The economic cycle that kick-started the Great Depression arrived in near tandem with a weather pattern that also created the Dust Bowl. The pain of that era remains frozen in images of black and white, including photographs of long lines of men waiting in lines for soup or jobs or in sepia-toned pictures of tumbleweeds and topsoil blowing aimlessly and endlessly across the plains.
Today, reverberations of what happened decades ago percolate across Colorado and many parts of the country where each day the lack of moisture is forcing more counties to declare themselves as disasters. The government says more than 1,500 U.S. counties are now under this designation.
While things, as farmers and ranchers know so well, could always be worse, Colorado is holding reasonably steady but in a delicate balance. “The southern part of the state has suffered for two years now,” says state Agriculture Commissioner John Salazar.
Thanks to a heavier than expected spring run-off, the northern part of the state has fared better, near normal, in fact. “It softened the impact,” Salazar says. “Most reservoirs are full.” However, he says, they are also lower than in normal years.
It will be months before the state can accurately calculate the farming and ranching losses from the lack of rainfall. Salazar is simply hoping that this year’s red ink runs in a softer shade and in less abundance than a year ago.
An official state agriculture analysis estimated “the (2011) drought resulted in more than $110 million in lost economic activity throughout the Rio Grande and Arkansas Basins.” It also says “the drought resulted in roughly $110 million dollars in additional feed costs.”
In a normal year, Colorado ranchers would now be thinking about moving herds and to fatten them up over the winter. This year, they are just thinning them. The cost of hay, another casualty of the drought, is just too high. In a normal year hay might cost “$150-$200 a ton,” Salazar says. “You can’t afford to feed $300-$500 hay in the winter time and recoup your money.”
But as ranchers sell off portions of their herd, another variable comes in to play. Too many cows in feedlots create a surplus. In the short-term, consumers will benefit with lower beef prices. That, however, will only be temporary as other drought-related factors come into play.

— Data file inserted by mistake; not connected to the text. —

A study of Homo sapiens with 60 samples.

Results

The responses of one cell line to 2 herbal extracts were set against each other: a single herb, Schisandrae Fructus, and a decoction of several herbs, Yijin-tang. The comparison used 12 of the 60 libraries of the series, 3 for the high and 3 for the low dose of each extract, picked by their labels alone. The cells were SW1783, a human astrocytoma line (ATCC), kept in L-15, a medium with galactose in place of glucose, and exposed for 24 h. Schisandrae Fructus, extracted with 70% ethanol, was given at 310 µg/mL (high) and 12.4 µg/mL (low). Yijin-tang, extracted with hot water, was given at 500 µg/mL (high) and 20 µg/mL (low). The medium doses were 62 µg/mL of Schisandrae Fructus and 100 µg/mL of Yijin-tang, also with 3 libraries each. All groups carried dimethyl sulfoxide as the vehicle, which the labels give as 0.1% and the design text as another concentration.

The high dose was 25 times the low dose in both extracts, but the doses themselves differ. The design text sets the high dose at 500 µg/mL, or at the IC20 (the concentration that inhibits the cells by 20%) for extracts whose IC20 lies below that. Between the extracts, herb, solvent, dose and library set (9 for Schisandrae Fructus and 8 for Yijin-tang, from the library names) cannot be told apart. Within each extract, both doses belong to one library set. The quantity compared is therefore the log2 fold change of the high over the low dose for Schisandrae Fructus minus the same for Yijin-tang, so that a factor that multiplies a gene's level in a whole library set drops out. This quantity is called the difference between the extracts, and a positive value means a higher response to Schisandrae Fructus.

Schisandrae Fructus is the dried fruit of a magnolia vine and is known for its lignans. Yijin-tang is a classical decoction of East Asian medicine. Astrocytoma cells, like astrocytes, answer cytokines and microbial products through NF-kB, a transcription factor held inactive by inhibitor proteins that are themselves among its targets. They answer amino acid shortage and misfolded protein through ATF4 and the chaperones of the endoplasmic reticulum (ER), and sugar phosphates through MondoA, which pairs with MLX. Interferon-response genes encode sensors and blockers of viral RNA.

The U.S.D.A. says no crop has been hit as hard by the current drought as corn, a staple in animal feed and also an important ingredient in countless supermarket food products. Current estimates suggest that nearly a third the nation’s corn is lost and will simply be plowed under. The result will be higher food prices.
Consumers can expect to pay higher prices for beef, dairy, eggs and pork. Beef prices are expected to increase by as much as 5 percent while pork prices will rise the least, 2.5 percent-3-5 percent. Other foodstuffs, ranging from peanut butter to cereals, are expected to jump 3 percent-4 percent.
While Colorado has been impacted by drought, Salazar is pleased that things have not been nearly as serious as in other states. The state’s big money crops — adjusted for the northern-southern impacts of the drought — which includes corn, wheat and potatoes will come in close to normal. But another year or two of drought is not easy to think about.
Weather patterns that have produced more U.S. cracked earth than in a generation are something no one wants to think about. Unfortunately, it is not just the U.S. that is experiencing changes in weather patterns. Extreme weather has also hit in extreme forms in Russia, China, India and Europe in the form of unanticipated flooding, lighter monsoon rains or other weather anomalies.
While some are attributing this to climate change — everything from heating ocean temperatures that result in everything from polar ice cap melting to El Niño or La Niña, which cause extreme changes in rainfalls — Salazar does not, at least entirely.
“We’ve had cycles like this before,” he says, pointing to the Dust Bowl days and also a period in the early 50’s when droughts hit Colorado harder than even today.
“The trend, though, and the severity is what concerns me,” says Fleur Ferro, Professor of Biology at Community College of Denver. “I definitely think it’s related to climate change.”
Ferro says in the “mid-latitudes,” where Colorado lies, things are getting drier and drier and the moisture is moving “to the tropics.” When there are changes in temperatures, she says, ocean currents slow, jet streams patterns remain stalled instead of moving in a normal, predictable way and the results are felt worldwide. “I think the drought and climate change go hand in hand.”
While a majority of scientists believe as Ferro does, there has been no official designation that climate change is the reason for the current drought. But there is no argument that over the last several summers, weather patterns have become more topical discussions.
Extreme temperatures that have significant impacts on crop yields have shocked the farming and ranching communities in all corners of the country. In places ranging from Little Rock to Minneapolis, temperatures this summer have broken all existing records. In fact, July temperatures in the U.S. were hotter than any time since U.S. weather data have been taken going back to 1985.
If, as some suggest, the changes in weather are normal, things should stabilize. However, climate change advocates, including Ferro, believe that we might be in a pattern that won’t be changing soon. Higher populations worldwide and the burning of more fossil fuels, she says, will only add to the current pattern.